April 11, 2012

2nd part of the review of School Success

Okay, I had time to sit and finish off School Sucess for kids with Asperger's Syndrome yesterday.  I did part 1 last month here

So, strategies and interventions that work in the classroom - they expand on that a lot.  The issues that they address include
 - problems with social interactions;
- very focused areas of interest and expertise;
- need for predictability
- problems with language
- problems with abstract reasoning
- problems with sensory hyper- or hypo sensitivity
- problems with anxiety, depression, and emotional regulation
- problems with attention, organization, and other areas of executive functioning
- problems with motor issues including written production and
- problems with ritualistic, repetitive, or rigid behaviour

Basically, for social interactions, try to minimize bullying.  Of any kind.  By being honest about AS with the other students.  Exposing them to the reality that it's not "weird" it's just the way they are.

With very focused areas of interest - try to build bridges with those interests.  Use those interests to engender interest in other subjects by associating them.  Use the special interests as a reward for doing other tasks.  Always try to accentuate the interest and expertise.

With need for predictability - try to maintain a set way of doing things in the classroom.  Have routines, picture clues of what to do, visual cues to follow as well as verbal reminders

Problems with language - try to minimize the use of similes and metaphors to the child, simplify the language used.  Don't dumb it down, you're not talking to an idiot.  Just realize they don't grasp hidden meanings well.

Problems with abstract reasoning - break down the goals of the lessons and describe each part of it that you want accomplished.  Allow the student to show that they understand the lesson in other ways than what they have difficulty with.  i.e. they have trouble writing, why can't they present the info in an oral format for instance?  Or a story board with pictures?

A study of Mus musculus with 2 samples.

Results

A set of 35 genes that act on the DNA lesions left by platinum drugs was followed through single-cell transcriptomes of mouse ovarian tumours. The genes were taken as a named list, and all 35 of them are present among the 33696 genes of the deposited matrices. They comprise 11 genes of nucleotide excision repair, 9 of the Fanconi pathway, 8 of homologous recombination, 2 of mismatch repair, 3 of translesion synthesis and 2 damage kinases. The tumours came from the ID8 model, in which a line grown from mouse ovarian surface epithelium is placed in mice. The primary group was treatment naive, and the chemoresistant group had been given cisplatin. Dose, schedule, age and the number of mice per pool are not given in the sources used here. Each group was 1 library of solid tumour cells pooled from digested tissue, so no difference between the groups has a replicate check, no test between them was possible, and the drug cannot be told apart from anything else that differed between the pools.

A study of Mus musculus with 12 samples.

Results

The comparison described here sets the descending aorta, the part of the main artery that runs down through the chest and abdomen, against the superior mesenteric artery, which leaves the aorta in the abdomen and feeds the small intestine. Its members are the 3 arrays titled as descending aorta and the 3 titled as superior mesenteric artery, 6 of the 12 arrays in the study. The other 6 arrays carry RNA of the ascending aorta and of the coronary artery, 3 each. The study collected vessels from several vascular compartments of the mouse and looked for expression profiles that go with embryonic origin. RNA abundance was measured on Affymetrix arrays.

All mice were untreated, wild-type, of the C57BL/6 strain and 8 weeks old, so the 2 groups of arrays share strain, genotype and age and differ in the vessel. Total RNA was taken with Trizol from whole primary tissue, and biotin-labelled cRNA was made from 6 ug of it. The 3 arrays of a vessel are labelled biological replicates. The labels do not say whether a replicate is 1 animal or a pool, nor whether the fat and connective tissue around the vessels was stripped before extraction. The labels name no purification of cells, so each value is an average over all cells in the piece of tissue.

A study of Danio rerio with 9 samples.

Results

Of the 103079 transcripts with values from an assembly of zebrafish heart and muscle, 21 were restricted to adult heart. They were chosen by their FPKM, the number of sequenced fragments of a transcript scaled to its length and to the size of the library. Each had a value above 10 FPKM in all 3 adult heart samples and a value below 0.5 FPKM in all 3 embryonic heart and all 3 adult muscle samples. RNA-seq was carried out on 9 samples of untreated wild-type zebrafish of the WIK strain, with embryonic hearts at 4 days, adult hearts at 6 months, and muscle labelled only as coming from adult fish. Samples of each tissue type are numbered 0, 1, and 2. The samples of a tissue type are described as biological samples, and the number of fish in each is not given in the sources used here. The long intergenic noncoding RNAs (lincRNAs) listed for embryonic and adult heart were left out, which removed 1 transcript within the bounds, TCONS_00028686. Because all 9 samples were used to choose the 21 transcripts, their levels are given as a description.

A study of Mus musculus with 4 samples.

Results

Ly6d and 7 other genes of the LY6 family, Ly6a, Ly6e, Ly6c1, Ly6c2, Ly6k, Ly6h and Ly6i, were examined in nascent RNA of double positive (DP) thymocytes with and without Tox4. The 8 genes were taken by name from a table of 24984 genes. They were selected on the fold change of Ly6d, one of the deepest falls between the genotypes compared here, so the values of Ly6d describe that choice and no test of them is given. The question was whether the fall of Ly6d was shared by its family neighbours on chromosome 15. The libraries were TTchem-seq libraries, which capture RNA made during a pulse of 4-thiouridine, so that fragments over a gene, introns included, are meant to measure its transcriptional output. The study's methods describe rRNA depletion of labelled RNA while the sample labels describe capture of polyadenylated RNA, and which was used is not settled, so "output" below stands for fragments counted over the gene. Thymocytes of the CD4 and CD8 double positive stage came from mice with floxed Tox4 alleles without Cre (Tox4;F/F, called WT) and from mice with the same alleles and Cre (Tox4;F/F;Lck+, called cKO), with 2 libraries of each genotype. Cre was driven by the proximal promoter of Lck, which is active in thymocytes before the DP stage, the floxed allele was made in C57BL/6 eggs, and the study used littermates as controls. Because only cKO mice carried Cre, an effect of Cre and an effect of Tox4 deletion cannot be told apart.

Problems with hyper or hypo sensitivity - if the child seems anxious and/or withdrawn try to solve that with talking to them.  Or getting them to type it out on a computer.  Or drawing a picture of what they're feeling.  Try to find out what is bothering them. Is it the flickering of the fluorescent lights for instance? Try to find ways to minimize distractions for the student.

Problems with anxiety, depression, and emotional regulation - try to work to proactively nip these situations in the bud.  Work on ways to calm the student.  Have a place they can go or a person they can go to to talk or communicate with.  Talk with the parents about how best to calm the child if they get upset.

Attention, organization, and executive functioning - use visual schedules instead of written ones.
Use proximity to teachers and cues from them. Structure work periods into smaller segments and have clear goals stated with a timer or stopwatch monitoring them. Structure the environment with a clearly defined work area for them.

Written production and motor issues - find alternatives for the child to do other than structured physical exercise or writing.  Can they type out projects perhaps?  Can they draw pictures and make story boards to show they know the material?  Can they simply have fun outside with a support person instead of being forced to participate in games in physical education classes?  Can they be supported in a way that suits their style?

Ritualistic, repetitive, or rigid behaviours - define a Functional Behavioural Analysis of the child. The FBA should accurately describe the behaviour, analyze the antecedents to that behaviour, and describe the current consequences and rewards to see if they are in fact helping to curb the behaviour.  If possible, intervene before the behaviour becomes disruptive. Respond to the behaviour in a positive fashion and try to distract the student.

Then they go on and talk about working with the school.  Getting a person to take the commitment to being the liason between the school, student and parents.  Having a cohesive mix of communication flowing always.

Then they talk about parenting.  Rules and regulations that most parents with autistic children already know.  So I won't repeat any of it.

So, all in all a fairly good resource book for kids with Asperger's syndrome.  I'd recommend it, if  you're a parent of a child with AS.  It would help to give it to the teacher I'd imagine.  I'll refer to it for Sarah's teachers in Grade 7.  

By the way, I've interchangeably used some of my own language and some of the language from the book in some of the points I detailed..  Just trying to get their point across in as few words as possible.